Which 401(k) Plan is the Right Fit?

By Features FOXBusiness

With the growing expectation of tax hikes in the year ahead, more small businesses are turning to 401(k) plans to help increase personal and business savings.


The right 401(k) plan can be very simple to select and manage once you understand your options. The first thing to understand is the three types of 401(k) plans including:

The Safe Harbor 401(k)

The Safe Harbor 401(k) is very popular among businesses with less than 15 employees.  These plans allow business owners to contribute the maximum deferral amount to their own account ($16,500 in 2010 or $22,000 for those 50 and over) and, at the same time,  automatically satisfy IRS non-discrimination testing -- a governmental check and balance that ensures plans serve all employees and not just a few at the top.

By providing a small “safe harbor” match -- an amount the employer puts into an employee’s 401(k) account as a percent of an employee’s salary -- any employee, including the owner, can contribute the maximum to the plan and receive the match. This employer contribution is what helps the business avoid the hassles of government discrimination testing. It’s also what gives owners and highly-compensated employees the ability to maximize tax-deferred contributions without the restrictions which can frequently be an issue for those going with a traditional plan. Tax-deferred contributions can lower annual personal taxes for the employee, too. 


The Traditional 401(k)

A traditional 401(k) plan enables small business owners to customize the way they reward their own employees. For example, these plans allow owners to determine if they’d like to simply give their employees a vehicle for saving money or to also provide a match from the company. If an owner decides to match, he can choose at what percentage of his employees’ salaries and, on a related note, whether to add a vesting schedule. With a Safe Harbor plan, a 3 to 4% match is typically required and the employer matching is vested immediately – meaning it is the employee’s money once it hits their account.

With a traditional 401(k), the business owner can also choose over what time period and at what percentage he contributes to the plan before it actually becomes the employees. For example, an owner could elect to match 3% of contributions made by eligible employees but it will vest over, say, a three year period. For example, the owner might also allow for 50% of the amount the company contributed to become the employees in year one, 25% in year two and the remaining 25% in year three.  After three full years, 100% of matches are fully vested. This can be a nice feature for a company that tends to experience high turnover as unvested amounts are returned to the plan to use for future matching contributions.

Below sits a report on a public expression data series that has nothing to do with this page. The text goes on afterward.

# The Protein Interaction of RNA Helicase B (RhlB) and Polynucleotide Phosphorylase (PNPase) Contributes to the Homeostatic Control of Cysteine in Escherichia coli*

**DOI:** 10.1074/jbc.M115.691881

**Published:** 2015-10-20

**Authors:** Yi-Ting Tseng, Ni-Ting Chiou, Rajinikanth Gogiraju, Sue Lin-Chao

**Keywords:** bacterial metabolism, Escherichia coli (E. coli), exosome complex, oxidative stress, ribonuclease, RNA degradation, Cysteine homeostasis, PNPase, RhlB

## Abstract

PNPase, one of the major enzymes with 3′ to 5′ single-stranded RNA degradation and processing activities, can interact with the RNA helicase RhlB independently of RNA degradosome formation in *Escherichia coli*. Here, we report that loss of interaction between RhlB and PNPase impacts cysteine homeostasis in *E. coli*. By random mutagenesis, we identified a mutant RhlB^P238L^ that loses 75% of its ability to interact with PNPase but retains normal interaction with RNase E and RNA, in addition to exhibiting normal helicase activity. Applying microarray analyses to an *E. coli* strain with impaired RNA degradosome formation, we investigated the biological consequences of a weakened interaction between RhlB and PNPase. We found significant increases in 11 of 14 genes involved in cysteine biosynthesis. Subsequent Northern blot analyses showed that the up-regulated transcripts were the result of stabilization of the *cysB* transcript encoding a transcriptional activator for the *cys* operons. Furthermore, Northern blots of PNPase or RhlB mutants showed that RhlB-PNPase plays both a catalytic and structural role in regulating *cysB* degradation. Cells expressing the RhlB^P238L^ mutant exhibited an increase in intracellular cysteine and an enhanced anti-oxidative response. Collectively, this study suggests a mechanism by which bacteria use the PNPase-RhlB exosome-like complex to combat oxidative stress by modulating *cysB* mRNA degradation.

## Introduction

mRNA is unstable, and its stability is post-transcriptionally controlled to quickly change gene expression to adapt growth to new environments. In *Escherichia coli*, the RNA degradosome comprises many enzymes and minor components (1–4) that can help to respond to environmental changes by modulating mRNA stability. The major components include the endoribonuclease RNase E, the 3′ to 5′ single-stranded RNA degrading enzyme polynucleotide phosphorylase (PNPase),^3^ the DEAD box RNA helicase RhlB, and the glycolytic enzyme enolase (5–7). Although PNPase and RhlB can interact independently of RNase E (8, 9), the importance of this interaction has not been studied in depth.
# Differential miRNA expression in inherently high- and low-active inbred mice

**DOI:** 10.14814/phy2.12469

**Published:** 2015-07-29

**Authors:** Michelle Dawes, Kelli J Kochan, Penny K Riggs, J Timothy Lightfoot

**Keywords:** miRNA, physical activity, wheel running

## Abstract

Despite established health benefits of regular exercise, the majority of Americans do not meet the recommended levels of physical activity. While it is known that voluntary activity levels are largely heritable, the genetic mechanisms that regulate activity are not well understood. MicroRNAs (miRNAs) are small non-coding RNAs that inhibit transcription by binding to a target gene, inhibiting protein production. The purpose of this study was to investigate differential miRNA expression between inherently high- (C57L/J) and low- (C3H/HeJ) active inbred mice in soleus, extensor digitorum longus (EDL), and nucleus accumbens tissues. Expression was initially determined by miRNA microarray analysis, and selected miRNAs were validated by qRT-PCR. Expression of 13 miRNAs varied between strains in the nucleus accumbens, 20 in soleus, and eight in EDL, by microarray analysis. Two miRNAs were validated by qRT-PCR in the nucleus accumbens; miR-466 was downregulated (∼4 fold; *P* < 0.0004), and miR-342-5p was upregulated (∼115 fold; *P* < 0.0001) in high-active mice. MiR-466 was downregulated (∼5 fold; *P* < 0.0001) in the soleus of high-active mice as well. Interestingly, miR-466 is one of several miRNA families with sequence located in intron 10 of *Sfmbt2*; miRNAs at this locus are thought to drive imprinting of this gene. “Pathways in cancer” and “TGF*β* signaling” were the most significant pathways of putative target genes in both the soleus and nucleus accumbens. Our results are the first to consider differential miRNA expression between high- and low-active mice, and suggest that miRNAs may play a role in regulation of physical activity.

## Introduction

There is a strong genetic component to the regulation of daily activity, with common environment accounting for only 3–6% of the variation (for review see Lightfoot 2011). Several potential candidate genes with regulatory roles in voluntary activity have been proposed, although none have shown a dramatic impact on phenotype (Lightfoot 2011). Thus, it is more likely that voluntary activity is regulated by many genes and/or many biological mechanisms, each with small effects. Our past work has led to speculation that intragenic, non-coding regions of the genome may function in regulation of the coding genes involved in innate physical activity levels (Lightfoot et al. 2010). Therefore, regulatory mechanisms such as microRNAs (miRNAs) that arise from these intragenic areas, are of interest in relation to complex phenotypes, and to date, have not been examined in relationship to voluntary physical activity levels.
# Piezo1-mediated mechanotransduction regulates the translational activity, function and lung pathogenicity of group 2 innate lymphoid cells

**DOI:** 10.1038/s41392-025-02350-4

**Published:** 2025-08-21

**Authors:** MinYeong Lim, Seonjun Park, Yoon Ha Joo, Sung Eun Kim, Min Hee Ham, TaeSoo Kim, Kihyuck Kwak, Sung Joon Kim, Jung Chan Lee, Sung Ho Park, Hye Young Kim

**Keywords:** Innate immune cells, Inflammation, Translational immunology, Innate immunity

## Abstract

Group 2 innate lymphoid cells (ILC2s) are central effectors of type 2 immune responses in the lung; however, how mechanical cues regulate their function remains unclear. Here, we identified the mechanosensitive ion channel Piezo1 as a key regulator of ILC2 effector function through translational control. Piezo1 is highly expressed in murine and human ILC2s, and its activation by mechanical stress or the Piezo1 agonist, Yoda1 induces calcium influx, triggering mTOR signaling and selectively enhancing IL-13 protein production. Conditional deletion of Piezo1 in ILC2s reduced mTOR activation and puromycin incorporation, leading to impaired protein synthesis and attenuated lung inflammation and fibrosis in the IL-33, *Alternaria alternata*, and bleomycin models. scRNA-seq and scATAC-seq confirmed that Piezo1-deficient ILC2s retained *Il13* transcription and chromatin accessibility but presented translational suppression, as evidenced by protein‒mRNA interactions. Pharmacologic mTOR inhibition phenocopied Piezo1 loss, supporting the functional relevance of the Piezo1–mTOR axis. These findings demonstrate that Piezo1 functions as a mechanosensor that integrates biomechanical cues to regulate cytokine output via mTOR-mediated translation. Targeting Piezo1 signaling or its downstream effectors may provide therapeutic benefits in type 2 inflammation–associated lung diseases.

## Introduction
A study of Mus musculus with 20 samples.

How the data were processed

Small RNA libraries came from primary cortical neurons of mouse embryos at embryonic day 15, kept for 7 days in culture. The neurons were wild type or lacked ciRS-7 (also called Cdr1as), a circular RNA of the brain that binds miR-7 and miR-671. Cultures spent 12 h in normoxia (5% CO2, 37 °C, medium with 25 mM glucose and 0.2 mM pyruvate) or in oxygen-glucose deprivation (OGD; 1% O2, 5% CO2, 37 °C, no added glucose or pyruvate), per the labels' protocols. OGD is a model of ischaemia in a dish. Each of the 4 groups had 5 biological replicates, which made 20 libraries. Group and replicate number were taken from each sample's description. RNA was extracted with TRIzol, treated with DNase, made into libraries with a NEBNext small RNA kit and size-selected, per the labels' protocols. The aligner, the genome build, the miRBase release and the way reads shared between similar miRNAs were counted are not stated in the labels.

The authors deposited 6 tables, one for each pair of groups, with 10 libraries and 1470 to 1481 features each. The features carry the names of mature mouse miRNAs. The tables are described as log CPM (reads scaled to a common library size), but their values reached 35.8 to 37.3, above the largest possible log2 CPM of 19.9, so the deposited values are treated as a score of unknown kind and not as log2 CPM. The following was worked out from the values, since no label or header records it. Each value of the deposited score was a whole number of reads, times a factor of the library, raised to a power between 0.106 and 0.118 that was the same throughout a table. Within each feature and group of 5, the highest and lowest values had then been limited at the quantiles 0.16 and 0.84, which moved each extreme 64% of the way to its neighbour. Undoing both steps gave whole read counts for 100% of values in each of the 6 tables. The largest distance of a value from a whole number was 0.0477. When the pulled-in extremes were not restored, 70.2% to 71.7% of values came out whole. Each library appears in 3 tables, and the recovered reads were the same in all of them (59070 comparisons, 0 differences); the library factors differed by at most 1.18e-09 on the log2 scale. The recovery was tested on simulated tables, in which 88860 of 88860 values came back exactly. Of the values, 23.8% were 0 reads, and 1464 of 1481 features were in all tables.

These plans can also be a good fit for businesses that are highly seasonal, or for those whose employees are expected to contribute 7% or more of their salaries. In a traditional 401(k) plan, employers and highly-compensated employees (those making $110K or more in 2010) can contribute 2% more of their salary than the average percent of salary contributed by non-highly-compensated employees. So if the average employee in the business contributes 5%, the owner will be restricted to contribute no more than 7% of his salary. 

An Advanced Profit Sharing 401(k)

The last type of 401(k) to consider is better-known as an advanced-profit-sharing plan. This type of plan rewards employees based on their performance and overall role in the company’s success.

Advanced-profit-sharing plans can be a nice fit for companies that have several levels of employees.  For example, a legal firm has partners who bring-in and own the business, front-line attorneys who work on each case, as well as support staff that handle administrative aspects of the firm’s business. Each group is essential to the business, but also has unique goals that contribute to the firm’s success. Advanced profit sharing enables a meaningful way to reward employees in each group based on reaching goals and improving the business. This can be great for the employees and a way for the firm to better manage the cost of sharing profits. For these plans to really work, they will likely also need to provide a safe-harbor employer contribution.

If the tough business environment of the last few years has taught small businesses anything it’s the importance of having money set aside for the future. 401(k) plans in today’s marketplace are making it easier for small businesses to arm themselves and their employees with the tools they need to save on taxes now and build a nest egg for tomorrow.

Stuart Robertson is general manager and principal of ShareBuilder Advisors, LLC which operates www.ShareBuilder401k.com.  ShareBuilder Advisors, LLC is a subsidiary of ING Bank, fsb.